Greeley woman shot, injured in Las Vegas shooting recounts deadly night
Wanda Weinreich’s husband died three years ago this October. She hoped to take some time to celebrate life, move forward and have fun, so she went to Las Vegas to see a country music festival.
Weinreich, 53, of Greeley, heard three pops as Jason Aldean performed on stage. She thought it was fireworks. The pops weren’t very loud. Aldean continued to play, and she continued to listen. Then Aldean ran off stage. And then people started running, so she started running.
She later would feel an intense pain in her thigh without knowing what it was. She later would learn she was part of the worst mass shooting in modern U.S. history. Stephen Paddock opened fire and killed 59 people and injured 527 on Sunday night at the show. But first, she ran when others ran.
As they ran, an unseen shooter sprayed more bullets into the crowd. She could hear more pops. People yelled to get down.
Weinreich and the people around her got down. Then they got up again and kept running. As she ran, she felt an intense sting in her thigh, but she kept going. When they got down again to avoid the gunfire, Weinreich couldn’t get back up. An intense pain froze her to the ground. She looked down and saw her own blood coating her leg.
Some people off to her side lay motionless. She assumed they were dead.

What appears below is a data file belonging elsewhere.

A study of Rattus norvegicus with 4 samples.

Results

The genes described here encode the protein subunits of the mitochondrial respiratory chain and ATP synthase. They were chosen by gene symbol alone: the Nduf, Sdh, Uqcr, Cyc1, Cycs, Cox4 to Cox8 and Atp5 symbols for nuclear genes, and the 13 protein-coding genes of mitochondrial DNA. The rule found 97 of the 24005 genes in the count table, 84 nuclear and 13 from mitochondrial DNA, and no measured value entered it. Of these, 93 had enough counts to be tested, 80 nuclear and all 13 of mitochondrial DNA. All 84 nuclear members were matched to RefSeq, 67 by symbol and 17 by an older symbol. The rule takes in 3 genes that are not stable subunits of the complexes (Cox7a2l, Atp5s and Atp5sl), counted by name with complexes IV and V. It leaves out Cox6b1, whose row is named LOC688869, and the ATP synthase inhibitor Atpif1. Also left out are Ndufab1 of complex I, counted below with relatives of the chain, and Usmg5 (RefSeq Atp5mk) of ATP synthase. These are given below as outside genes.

Someone yelled at her to stay down, so she did. A man she didn’t know stayed there with her. He was trying to find his wife and kids, but he didn’t leave her.
Another man came up to her and tied a bandana around her leg to try to slow the bleeding.
More shots. Then a lull.
Another man helped carry Weinreich across the street. Others then tied a better tourniquet around her leg. Someone pulled up in the intersection and yelled at the men to help her into the car so they could take her to the hospital.
She’s one of the lucky ones, she said. The bullet went through cleanly. Doctors patched her up.
“There were people screaming,” Weinreich said. “Even when I was in the hospital people were screaming.”
From her hospital room, she saw a woman mopping the floor. The woman worked at it constantly. Every time she’d lift the mop up, it was covered in blood, Weinreich said.
It was eerie flying over the concert venue Tuesday morning to get home, she said. She could see the holes in the windows at Mandalay Bay hotel.
The whole thing seems surreal now, Weinreich said. No one expected to go to a country concert and leave with gunshot wounds. She expected to have fun, focus on herself and get back to work as a senior accountant at TLM Constructors, 3000 F St. in Greeley. She knows she’ll need time for physical and emotional healing.
On the way home, strangers on the plane came up to her and said they were glad she was alive. Friends and family kept her phone buzzing.
“I did have a lot of people who supported me and were willing to help and who did a lot of good,” Weinreich said. “There was evil, but there was also a lot of good. People pulled together.”